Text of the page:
It’s no secret that companies that execute a well structured sales process see enormous benefits in scalable performance. So what is the cornerstone of a killer sales process?
The answer is undoubtedly, the sales pipeline. Unfortunately, half of US SMEs report the lack of clearly defined sales pipeline as a primary roadblock against their ability to scale revenue growth. Why? Because solidifying a recipe for success that is repeatable across numerous individuals (sales team) interacting with countless different personalities (buyers) can be as difficult as it sounds if you don’t know how to break it down.
A sales pipeline at its core divides the sales process into meaningful stages. Each stage has specific goals, activities, responsibilities, clues, time frames, and probabilities which are associated. The aim is to connect with each of the buyer’s necessary thought process steps as they justify the value of what you are offering through problem solving confidence. As you might have guessed, this means that the pipeline stages must correlate with your buyer’s journey. As closely related as they are, don’t make the mistake of confusing them for being interchangeable. The buyer’s journey is them, the sales pipeline is you.
To begin defining the stages of your sales pipeline, the right step is to take a step back and start by saying 3 words “Solve their problem”. Everything else in your sales pipeline must keep these three magical words as their guiding light. Not only as one overall goal to make the sale, but as a goal in each individual stage. So naturally the next step is to clearly define what the problems that need to be solved at each stage of the pipeline. These problems translate into the goals of each stage.
Using this goal, we can then map the activities needed for a seller to overcome the problems at each stage and thus guide the deal forward in a strongly founded way. To prevent confusion, we can call the stage level problems roadblocks as we take a look at an example.
|Lead||I’m not considering you to solve my problem||Establish your product/service as a possible solution||Make initial contact|
|MQL||Do they understand my problem||Find emotional pain point||Get to know them and articulate the problem you solve|
|SQL||Does it solve my problem||Demonstrate value and show you can solve their problem||Perform a demo, provide past successes|
|Opportunity||I need to test it myself to be sure||Establish a plan to solve their problem||Get them on a POC so they can see it themselves|
|Commit||I’m not sure how much this helped me||Help articulate value they have received||Get commitment signed (close the deal)|
|MRR||Do I want to continue using this||Ensure they are still engaged||See if there is more you can help with|
Once the above examples have been filled in with the specifics of your businesses, the next critical piece is executing the process. A critical component often overlooked is the ability to run effective sales meetings. There is a great article that covers this piece more in-depth that can be found here.
For the sales pipeline to become a control instrument, certain parameters have to be measured. The first step of this is standardizing on where you are going to measure within your pipeline followed by standardizing the terminology used. It is important that everyone on your sales team is on the same page with YOUR team’s definitions, as they often vary from company to company. Some examples include:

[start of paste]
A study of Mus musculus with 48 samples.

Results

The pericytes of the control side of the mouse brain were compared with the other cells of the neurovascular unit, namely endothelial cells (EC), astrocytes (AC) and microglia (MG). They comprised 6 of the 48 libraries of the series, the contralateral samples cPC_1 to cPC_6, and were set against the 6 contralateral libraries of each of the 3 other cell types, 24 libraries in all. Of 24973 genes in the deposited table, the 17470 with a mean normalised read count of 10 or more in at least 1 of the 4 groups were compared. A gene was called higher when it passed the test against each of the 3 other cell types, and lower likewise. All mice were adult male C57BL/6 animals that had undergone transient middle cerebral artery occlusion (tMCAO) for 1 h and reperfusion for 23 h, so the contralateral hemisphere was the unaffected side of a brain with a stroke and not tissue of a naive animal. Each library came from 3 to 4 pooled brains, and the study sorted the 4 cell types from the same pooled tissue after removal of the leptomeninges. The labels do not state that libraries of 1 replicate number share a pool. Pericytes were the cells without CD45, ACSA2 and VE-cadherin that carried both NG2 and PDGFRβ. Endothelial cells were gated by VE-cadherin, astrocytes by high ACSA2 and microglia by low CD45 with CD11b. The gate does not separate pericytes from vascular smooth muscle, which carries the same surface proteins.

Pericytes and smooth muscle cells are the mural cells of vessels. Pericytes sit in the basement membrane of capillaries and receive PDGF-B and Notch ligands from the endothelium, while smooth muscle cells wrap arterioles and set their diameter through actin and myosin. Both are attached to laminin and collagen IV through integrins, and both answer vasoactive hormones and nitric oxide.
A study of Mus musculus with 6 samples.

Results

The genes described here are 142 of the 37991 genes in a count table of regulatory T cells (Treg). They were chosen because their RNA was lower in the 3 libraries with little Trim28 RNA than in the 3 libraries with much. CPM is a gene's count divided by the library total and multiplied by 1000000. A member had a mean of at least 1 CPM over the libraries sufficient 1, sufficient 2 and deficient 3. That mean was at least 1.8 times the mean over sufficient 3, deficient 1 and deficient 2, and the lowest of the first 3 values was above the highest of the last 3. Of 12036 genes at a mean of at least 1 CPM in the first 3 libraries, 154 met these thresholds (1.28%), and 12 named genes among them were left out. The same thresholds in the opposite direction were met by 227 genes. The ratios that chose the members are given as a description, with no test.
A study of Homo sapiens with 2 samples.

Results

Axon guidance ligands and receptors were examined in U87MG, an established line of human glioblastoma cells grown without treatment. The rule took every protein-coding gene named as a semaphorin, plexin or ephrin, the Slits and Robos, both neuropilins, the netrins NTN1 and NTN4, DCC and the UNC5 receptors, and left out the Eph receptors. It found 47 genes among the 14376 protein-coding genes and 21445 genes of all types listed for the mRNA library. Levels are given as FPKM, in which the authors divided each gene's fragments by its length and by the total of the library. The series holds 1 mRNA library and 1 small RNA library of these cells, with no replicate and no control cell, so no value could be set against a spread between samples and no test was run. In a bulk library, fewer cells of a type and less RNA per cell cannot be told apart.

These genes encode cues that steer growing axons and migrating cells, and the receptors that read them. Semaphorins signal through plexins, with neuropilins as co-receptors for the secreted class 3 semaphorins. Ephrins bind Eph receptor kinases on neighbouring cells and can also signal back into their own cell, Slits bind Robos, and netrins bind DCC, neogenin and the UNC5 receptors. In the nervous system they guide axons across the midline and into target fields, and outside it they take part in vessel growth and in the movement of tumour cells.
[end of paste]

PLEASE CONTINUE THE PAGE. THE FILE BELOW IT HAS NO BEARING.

Of course, this information can also be broken down to individual employees, regions, product lines and customer segments. As soon as reliable figures are available on these aspects, conclusions can also be drawn and improvements can be initiated. A capable company controlling will combine these observations with other KPIs into a key figure system that has more significance than an isolated number. The entire sales and revenue forecast depends on efficient reporting being implemented at this point.
Using the established allows you to identify bottlenecks within your sales pipeline. As they are all part of one journey, you are only as efficient as your least efficient stage. As an example, if the SQL stage has the highest percent of stalled deals, it may be due to how your rep approach setting up the next meeting or pushing the deal forward. The more metrics you have around each stage, the easier you can pinpoint exactly what is slowing you down. However over-burdening your sales reps with too many metrics or data points to track can cause them to lose efficiency therefore its recommended that you look into the extra pipeline analytical options out there as some of them will take care of this whole side for you via automatic data capture and pre-built reports.
Markets, metrics and methods change over time. Good sales leaders know that their process must constantly evolve if you want to experience scalable success. The trick is being able to identify which pieces need change and which are working and should be left alone. Consistently reviewing the deal stage data and asking your sales rep specific questions about their successes are the two most powerful ways to keep your sales pipeline evolving in the right direction. Welcoming change as an opportunity is a critical factor in leading proactively, just be sure to rely on the data as your guiding light.
A structured sales pipeline will make your sales organization incredibly more successful and is a necessity to scaling revenue growth. Every company should define, align, execute, and evolve their sales pipeline on a regular basis using data as the north star of navigation. Using this process, you’ll see accelerated growth that sustains and, equally importantly, you’ll know exactly why.